The Dark Patterns Tip Line is led by a team of designers, academic researchers, legal experts, policy specialists, and advocacy-minded individuals.
We came together to collect dark patterns to better understand how technology is exploiting people. Our ultimate vision is to leverage this data to combat manipulative practices online through policy reform.
We have grounded this work by highlighting examples from people’s lived experiences so we can best showcase how dark patterns lead to every day human harms.
The submissions will be populated and used in a research and academic capacity with students, fellows, and faculty who will be managing the governance and data use. Sharing a dark pattern you have spotted helps us learn more about interfaces and designs that people consider to be manipulative or unfair. We may use your submission to the Dark Patterns Tip Line platform as part of research, or to illustrate and explain dark patterns to the public, the media and policymakers. All submissions are reviewed prior to being posted to the website; submissions may be rejected due to quality or clarity issues, or if they are duplicates of existing postings. We will edit your submission for clarity, and in some cases, we will combine submissions that feature the same dark pattern. Published submissions illustrate a single example from a single company, although we may in fact receive multiple submissions featuring that example/company.
When you submit a tip, you agree that we may use, share and make public your screenshot(s) and other information you share (except for your email address). We publish tips anonymously and will make efforts to remove any personal information, but please don’t submit screenshots that contain information you wouldn’t want to be made public. If you decide to share your email address with us, we may contact you to ask for more information.
We Ground Our Work In Human-Centered Perspectives.
Perspectives of everyday people is missing from dense, legal, and wonky conversations about dark patterns. This project is powered by research with individuals who suffered dark pattern-instigated harms.
We Collaborate Across Teams And Functions.
People across industries are working together to better understand how dark patterns hurt people. Our team includes designers, academic researchers, legal experts, students, community members, policy specialists, and advocacy-minded individuals.
We Value Both Qualitative And Quantitative Data To Create Impact.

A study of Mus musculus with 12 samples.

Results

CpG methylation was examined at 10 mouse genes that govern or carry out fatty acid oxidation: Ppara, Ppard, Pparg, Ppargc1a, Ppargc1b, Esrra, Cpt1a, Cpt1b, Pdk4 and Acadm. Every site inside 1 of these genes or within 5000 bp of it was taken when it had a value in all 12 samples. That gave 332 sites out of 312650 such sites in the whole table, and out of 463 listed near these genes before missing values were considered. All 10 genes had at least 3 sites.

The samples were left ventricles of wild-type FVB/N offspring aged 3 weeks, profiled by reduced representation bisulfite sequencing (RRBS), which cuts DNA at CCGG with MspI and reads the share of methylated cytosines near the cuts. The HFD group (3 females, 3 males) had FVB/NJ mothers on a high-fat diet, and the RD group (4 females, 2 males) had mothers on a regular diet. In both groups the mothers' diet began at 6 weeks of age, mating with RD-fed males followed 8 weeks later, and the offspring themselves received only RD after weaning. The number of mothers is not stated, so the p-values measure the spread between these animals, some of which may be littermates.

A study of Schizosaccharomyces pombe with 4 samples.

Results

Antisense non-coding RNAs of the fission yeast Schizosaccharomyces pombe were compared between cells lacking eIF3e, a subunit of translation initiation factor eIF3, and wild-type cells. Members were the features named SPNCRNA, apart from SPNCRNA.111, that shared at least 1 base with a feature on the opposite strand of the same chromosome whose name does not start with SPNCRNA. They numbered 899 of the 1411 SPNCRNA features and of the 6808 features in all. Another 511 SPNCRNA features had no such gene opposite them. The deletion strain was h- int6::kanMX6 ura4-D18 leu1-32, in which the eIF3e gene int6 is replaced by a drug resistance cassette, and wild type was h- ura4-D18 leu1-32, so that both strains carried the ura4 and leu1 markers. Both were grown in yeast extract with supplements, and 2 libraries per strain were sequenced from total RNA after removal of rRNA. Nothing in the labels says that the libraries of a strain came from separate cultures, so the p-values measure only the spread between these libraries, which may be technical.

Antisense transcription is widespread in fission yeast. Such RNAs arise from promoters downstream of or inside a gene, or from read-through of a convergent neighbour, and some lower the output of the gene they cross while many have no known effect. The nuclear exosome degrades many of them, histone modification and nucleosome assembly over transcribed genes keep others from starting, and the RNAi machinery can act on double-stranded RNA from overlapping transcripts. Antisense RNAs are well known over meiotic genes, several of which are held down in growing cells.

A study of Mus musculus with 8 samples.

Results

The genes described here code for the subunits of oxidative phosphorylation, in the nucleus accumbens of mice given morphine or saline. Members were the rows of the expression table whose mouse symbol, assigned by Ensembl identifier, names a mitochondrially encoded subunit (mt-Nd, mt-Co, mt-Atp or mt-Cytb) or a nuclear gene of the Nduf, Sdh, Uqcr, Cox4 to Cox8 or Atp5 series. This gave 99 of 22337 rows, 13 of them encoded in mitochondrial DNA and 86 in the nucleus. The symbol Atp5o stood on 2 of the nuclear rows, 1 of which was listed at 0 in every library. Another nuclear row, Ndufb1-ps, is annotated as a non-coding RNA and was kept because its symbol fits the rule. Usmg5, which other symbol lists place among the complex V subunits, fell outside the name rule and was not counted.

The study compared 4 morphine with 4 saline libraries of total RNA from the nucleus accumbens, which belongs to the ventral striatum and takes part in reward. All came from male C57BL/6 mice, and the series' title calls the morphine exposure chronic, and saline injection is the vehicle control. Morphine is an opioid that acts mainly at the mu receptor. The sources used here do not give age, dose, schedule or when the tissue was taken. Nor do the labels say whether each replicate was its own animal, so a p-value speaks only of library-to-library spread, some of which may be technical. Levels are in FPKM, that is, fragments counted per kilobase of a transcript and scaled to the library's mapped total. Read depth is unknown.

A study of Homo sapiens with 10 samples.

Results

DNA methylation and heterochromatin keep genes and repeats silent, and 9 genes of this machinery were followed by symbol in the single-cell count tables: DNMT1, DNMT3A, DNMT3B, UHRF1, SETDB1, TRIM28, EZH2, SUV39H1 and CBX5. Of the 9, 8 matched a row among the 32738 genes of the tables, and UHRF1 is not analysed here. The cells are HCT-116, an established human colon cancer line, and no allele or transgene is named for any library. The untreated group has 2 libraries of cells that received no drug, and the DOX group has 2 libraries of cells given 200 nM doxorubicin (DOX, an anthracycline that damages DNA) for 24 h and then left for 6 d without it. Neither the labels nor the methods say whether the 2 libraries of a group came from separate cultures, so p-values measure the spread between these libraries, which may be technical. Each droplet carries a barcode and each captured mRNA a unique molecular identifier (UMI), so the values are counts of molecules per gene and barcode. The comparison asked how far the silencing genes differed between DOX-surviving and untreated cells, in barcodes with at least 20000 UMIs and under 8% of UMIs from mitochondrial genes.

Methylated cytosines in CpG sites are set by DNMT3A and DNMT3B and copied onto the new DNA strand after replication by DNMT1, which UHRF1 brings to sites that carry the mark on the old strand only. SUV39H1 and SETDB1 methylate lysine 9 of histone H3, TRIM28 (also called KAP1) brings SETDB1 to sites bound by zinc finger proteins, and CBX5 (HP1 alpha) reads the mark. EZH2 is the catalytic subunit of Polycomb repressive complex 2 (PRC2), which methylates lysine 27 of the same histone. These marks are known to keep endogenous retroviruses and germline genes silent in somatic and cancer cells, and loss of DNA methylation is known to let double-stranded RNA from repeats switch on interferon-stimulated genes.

The Dark Patterns Tip Line was founded to serve as a crowdsourcing platform where people submit dark patterns they’ve encountered. The data collected is supplemented with qualitative analysis via one-on-one interviews to better understand the human impact of these malicious tactics.
Director, Digital Civil Society Lab at Stanford Center on Philanthropy and Civil Society
Privacy and Data Policy Fellow, Stanford Institute for Human-Centered Artificial Intelligence
Professor of Computer Science, Stanford University Associate Director, Stanford Institute for Human-Centered Artificial Intelligence
Program Manager, Digital Civil Society Lab at Stanford Center on Philanthropy and Civil Society
Research Assistant, Stanford Institute for Human-Centered Artificial Intelligence
The DPTL launched in May 2021 as an experiment, supported by Rita Allen Foundation, AccessNow, Consumer Reports, EFF, and PEN America. That experiment yielded hundreds of submissions. The Digital Lab at Consumer Reports helped incubate the site during this experimental phase. In July, 2021 the site moved to DCSL to become a permanent resource for teaching and learning about deceptive design in digital systems.
DCSL is grateful to the inaugural community partners who made the site possible. We thank Stephanie T. Nguyen, who led the vision and execution of the project and those individuals who contributed time to help with the website strategy and launch of this project — in alphabetical order by last name: Matt Bailey, Harry Brignull, Jennifer Brody, Sage Cheng, Amira Dhalla, Dennis Jen, Arunesh Mathur, Katie McInnis, Jasmine McNealy, Shirin Mori and Ben Moskowitz.